Although I haven’t lived in New Hampshire for long, I grew up just across the border in Maine and can unequivocally say that two heatwaves in June, with temperatures breaking into the 90s, are not typical. Because of climate change, however, what was normal when I was growing up no longer exists. We can all expect more extreme weather in the years ahead – extremes that hurt our health, the environment, and our economy.
Despite the crisis, New Hampshire is the only New England state not to have passed binding laws that require cuts in climate-damaging emissions. Not only have we not mandated climate action, but our State Energy Strategy urgently needs updating.
State regulators just announced that they might be updating this strategy – which identifies energy goals for the state and recommends policies and programs to support those goals. In the absence of binding emissions requirements, updating the strategy is critical to addressing climate change and transitioning New Hampshire to an equitable clean energy economy.
Here are five actions that New Hampshire must include in the strategy’s revision.
1. Clean Energy Means Jobs and Investments in New Hampshire’s Economy
New Hampshire must promote increased investments in wind and solar energy to harness the vast economic benefits of renewable energy.
New Hampshire’s neighbors, like Vermont and Massachusetts, have made considerably more investments in solar to date. As a result, those states experienced huge economic and job benefits. Solar investments present substantial opportunities for New Hampshire’s economy, too. Likewise, offshore wind development in the Gulf of Maine, which borders Maine, New Hampshire, and Massachusetts, could create thousands of well-paying construction, maintenance, manufacturing, and port-related jobs in New Hampshire.
2. Energy Efficiency Saves New Hampshire Residents Money
To avoid losing out on its major savings, New Hampshire needs to prioritize investments in energy efficiency.
Energy efficiency is the cheapest and cleanest energy resource. Reducing the amount of energy we use saves money for all families and businesses, not just those that participate in efficiency programs. Because these programs lower the energy we need during expensive peak times (such as during heat waves when air conditioners are cranking), everyone benefits from lower bills. Cutting the amount of energy we use also means we don’t have to rely on dirtier fossil fuels to supplement demand during these peak times.
3. Electric Vehicles Address the State’s Largest Source of Carbon Pollution
Transportation accounts for 42% of carbon pollution in New Hampshire. To accelerate the transition to electric vehicles, the state must promote creating a statewide network of charging stations through taxpayer-funded subsidies.
Currently, New Hampshire drivers are hesitant to buy electric vehicles because there aren’t enough charging stations available. And, developers are reluctant to build those stations because there’s not a big enough market for them.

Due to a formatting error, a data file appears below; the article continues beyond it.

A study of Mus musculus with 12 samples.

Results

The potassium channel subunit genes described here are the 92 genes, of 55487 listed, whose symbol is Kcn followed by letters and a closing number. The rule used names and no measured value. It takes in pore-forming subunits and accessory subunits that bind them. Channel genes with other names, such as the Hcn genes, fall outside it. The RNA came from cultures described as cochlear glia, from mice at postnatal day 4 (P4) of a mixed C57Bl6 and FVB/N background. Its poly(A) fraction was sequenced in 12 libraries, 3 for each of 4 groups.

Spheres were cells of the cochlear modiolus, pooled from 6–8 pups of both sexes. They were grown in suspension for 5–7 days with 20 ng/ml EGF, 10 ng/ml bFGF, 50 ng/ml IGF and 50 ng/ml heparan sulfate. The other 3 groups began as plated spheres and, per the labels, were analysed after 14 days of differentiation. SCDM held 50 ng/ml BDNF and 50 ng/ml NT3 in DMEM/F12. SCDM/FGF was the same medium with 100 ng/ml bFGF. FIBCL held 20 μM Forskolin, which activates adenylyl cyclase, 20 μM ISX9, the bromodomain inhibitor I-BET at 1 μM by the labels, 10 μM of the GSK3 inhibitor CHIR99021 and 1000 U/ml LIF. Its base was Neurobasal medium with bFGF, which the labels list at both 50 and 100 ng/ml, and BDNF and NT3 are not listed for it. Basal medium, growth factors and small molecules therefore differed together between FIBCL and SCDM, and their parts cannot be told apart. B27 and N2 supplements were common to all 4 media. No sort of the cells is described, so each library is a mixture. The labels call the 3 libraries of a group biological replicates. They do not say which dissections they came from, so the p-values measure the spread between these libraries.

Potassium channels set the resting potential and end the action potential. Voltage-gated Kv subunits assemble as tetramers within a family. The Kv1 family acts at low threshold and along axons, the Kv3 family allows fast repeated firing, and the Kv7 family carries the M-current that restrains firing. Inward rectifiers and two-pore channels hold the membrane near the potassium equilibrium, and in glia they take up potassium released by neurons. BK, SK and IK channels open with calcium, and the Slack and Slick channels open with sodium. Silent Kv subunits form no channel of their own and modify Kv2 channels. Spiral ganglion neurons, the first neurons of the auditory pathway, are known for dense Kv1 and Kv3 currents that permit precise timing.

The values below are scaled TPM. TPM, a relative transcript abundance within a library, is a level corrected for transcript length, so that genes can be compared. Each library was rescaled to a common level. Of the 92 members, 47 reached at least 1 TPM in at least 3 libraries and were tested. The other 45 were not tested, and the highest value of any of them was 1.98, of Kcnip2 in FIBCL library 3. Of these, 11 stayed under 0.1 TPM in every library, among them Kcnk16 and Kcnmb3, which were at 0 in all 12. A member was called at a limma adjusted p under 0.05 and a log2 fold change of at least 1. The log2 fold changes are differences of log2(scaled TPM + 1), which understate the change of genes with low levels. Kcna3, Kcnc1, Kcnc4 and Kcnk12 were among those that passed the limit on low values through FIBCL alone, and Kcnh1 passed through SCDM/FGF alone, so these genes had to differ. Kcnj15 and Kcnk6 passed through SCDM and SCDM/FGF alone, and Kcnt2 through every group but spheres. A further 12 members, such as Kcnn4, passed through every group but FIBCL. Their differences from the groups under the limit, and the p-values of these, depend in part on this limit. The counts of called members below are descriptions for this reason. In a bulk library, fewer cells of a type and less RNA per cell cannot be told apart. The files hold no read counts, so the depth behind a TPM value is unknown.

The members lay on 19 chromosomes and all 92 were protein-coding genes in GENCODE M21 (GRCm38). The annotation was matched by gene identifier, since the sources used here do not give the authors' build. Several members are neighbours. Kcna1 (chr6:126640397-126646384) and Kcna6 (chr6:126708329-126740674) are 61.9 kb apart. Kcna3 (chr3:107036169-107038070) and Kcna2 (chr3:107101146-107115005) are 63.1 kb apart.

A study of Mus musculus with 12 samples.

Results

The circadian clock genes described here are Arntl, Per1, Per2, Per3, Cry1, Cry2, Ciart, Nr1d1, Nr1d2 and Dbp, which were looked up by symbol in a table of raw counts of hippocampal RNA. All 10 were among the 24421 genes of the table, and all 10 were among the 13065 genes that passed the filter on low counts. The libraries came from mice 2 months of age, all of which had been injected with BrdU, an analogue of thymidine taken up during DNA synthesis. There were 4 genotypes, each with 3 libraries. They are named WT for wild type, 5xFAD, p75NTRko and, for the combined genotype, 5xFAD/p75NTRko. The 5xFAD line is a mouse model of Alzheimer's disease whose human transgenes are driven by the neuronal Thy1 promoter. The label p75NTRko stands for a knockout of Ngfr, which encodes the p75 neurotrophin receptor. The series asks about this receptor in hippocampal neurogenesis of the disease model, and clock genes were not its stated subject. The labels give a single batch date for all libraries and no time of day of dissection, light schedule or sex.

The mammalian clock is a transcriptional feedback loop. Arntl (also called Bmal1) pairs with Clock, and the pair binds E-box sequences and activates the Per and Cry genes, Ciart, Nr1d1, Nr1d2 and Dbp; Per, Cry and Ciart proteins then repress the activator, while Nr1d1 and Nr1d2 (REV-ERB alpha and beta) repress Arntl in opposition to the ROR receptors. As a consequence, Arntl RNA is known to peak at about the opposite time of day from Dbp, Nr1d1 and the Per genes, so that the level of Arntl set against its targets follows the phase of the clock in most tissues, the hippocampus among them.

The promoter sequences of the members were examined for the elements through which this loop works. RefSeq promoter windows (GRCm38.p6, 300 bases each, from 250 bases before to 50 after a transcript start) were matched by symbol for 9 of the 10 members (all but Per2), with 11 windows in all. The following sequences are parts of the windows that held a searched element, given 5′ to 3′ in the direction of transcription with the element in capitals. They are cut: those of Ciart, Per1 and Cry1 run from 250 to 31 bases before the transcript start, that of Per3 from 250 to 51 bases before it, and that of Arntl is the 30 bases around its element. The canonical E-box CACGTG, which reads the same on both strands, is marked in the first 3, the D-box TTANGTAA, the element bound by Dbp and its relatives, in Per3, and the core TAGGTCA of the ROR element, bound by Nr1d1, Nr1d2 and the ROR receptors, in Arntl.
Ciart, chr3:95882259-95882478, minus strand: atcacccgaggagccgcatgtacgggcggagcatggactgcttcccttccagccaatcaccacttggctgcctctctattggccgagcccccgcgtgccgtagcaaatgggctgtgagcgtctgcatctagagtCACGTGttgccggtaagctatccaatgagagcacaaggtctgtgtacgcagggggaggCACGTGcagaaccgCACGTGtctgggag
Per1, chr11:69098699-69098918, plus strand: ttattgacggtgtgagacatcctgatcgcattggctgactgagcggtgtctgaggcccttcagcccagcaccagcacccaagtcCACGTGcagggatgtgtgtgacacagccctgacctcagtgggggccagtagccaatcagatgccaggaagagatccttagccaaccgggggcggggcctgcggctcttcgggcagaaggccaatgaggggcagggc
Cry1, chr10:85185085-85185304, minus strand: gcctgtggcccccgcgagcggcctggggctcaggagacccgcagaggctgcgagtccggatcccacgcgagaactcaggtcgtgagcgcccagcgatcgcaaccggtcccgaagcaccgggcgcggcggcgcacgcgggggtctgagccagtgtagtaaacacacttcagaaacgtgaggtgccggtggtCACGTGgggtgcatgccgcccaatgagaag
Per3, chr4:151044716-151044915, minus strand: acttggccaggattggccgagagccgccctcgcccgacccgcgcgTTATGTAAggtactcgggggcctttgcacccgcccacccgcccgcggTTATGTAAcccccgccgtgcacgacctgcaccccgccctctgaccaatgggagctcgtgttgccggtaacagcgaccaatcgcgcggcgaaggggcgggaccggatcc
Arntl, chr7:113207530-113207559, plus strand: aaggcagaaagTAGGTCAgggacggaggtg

As the single biggest source of carbon pollution in New Hampshire, the transportation sector must electrify – and that starts with creating the necessary infrastructure.
4. Leaving Behind Dirty Gas Means a Healthier (and Cheaper) Future
New investments in gas carry huge financial and environmental risks. By necessity, New Hampshire will soon begin transitioning away from fossil fuels, and families will start switching to electric-powered heating systems. That means the costs of utility investments in expensive pipelines will get spread across a smaller number of gas customers – burdening them with higher monthly bills. Those burdens will fall heaviest on low-income families and renters, who may be unable to afford the switch to electric heating and have less disposable income to absorb higher gas bills.
5. New Hampshire Needs Mandatory Cuts in Climate-Damaging Emissions
To address the threats presented by climate change holistically, New Hampshire must support establishing firm and mandatory targets for cutting climate-damaging emissions. Those must include achieving net-zero emissions by 2050 to avoid the worsening impacts of climate change.
If New Hampshire continues to lag behind the rest of New England by failing to cut its emissions, then the cost of the climate emergency will only increase. With mandatory targets, New Hampshire could adopt policies to rapidly transition to clean energy resources and strengthen its economy – in a way that lifts all Granite Staters.
What’s Next for New Hampshire’s State Energy Strategy?
CLF is urging state leaders to adopt these five actions in its revised Energy Strategy. But the agency that oversees the strategy – the Department of Energy – still needs to decide if it will revise the strategy at all. Unfortunately, they could take our’s and others’ feedback and decide to do nothing with it. You can help us urge the Department of Energy to act by sending them a letter supporting the importance of these five revisions.
If state leaders act on these five recommendations, it will show that Governor Sununu and the state’s agencies understand the need for urgent climate action and policy reform. And that could create momentum for binding climate legislation in New Hampshire – meaning all of New England would finally have the tools needed to tackle this growing crisis.